You’d be forgiven for thinking that the only focus of the EU Parliament right now is how to save the Greece and Italy from bankruptcy. Not so.
Today the European Parliament voted in favour of more coordination and common standards with respect to online gambling, adopting the measures recommended in the Creutzmann report.
Online gambling remains one of the few significant traded services not regulated at an EU level and the fragmented approaches to regulation at the national level continue to create problems for governments, operators, and players and headaches for the European Commission (“EC”).
Jürgen Creutzmann’s report recommended a series of EU actions, including:
- minimum EU-wide standards for operators, consumer protection, advertising and electronic ID checks;
- consistent use of EC infringement proceedings to ensure full compliance of Member States’ gambling legislation with EU law;
- cooperation between national regulators under the guidance of the EC; and
- removal of the duplication of admin requirements and controls and a streamlining of the license application process across national regulators.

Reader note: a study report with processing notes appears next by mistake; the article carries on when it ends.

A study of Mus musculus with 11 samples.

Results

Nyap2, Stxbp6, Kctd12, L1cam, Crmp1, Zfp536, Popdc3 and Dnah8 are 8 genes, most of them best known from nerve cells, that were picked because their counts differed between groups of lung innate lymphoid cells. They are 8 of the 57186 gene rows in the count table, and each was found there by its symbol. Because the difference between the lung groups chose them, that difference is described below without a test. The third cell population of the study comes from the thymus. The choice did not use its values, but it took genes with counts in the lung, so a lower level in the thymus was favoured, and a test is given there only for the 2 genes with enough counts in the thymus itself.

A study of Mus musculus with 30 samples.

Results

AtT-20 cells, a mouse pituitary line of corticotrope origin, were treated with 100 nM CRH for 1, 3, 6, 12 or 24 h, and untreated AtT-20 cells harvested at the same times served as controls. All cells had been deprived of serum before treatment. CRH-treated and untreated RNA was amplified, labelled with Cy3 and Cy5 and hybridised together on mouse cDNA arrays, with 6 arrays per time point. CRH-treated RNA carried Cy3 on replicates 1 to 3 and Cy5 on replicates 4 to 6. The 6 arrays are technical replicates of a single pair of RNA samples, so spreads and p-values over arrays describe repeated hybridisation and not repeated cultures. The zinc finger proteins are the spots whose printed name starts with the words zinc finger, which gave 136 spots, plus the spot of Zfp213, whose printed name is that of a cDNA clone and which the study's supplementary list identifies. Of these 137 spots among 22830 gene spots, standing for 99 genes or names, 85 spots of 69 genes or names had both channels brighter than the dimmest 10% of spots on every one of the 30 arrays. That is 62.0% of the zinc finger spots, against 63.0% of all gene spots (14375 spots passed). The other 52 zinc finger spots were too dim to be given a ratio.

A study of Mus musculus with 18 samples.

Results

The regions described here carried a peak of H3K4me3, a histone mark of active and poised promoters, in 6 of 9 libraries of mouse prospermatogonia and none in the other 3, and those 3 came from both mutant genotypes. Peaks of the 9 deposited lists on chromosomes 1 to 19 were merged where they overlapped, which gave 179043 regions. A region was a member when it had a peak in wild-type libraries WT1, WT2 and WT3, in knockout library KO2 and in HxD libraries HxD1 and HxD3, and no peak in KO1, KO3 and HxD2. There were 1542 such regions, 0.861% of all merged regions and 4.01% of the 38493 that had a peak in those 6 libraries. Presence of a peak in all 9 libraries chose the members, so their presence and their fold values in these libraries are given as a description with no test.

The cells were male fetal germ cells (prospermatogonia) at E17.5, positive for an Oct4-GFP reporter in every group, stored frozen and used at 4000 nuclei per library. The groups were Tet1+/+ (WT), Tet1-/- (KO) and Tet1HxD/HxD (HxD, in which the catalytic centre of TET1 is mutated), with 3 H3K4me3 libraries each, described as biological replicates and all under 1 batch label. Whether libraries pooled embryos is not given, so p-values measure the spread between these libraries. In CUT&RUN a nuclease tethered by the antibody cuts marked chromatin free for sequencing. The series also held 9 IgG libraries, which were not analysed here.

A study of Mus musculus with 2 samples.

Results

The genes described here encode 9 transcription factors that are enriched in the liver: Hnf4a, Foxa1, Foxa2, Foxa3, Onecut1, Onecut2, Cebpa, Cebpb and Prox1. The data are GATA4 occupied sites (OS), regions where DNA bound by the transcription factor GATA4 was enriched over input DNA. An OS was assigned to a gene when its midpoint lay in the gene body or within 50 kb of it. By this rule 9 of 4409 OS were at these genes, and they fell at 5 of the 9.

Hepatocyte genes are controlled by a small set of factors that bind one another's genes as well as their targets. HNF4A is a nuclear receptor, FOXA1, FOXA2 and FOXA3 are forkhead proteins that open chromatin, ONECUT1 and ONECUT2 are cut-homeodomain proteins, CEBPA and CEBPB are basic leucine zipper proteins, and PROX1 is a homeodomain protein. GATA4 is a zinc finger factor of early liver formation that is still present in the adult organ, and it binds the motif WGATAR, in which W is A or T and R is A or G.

In his address to the Parliament today Creutzmann urged fast action:
“A member state can’t solve such problems on its own. For a successful prevention of addiction and crime prevention member states have to act in concert. Unfortunately, a number of member states declined a European initiative on that subject, because they see their gambling monopolies at risk. With this clear backing the Parliament sends a strong signal to the Commission and the Member states. It is promising that Commissioner Barnier has already announced before the vote an action plan setting EU-wide minimum standards for consumer protection by mid-2012.
Common quality standards for national licensing models would represent an important step towards more transparency, fair competition and legal certainty. Furthermore, the bureaucratic hurdles for cross-border gambling services in the common market could be lowered. Only if the framework for legal services is right, will we have a chance to control the market.”
The European Gaming and Betting Association (“EGBA”) are understandably happy about this development. Secretary General Sigrid Ligné commented that, “this vote constitutes a very welcome shift in the position of the European Parliament and we commend rapporteur Creutzmann for his achievement… [It] gives a clear direction to the European Commission that is in the process of concluding its Green Paper consultation launched in March 2011 and puts the spotlight back on Commissioner Michel Barnier who is leading the exercise.”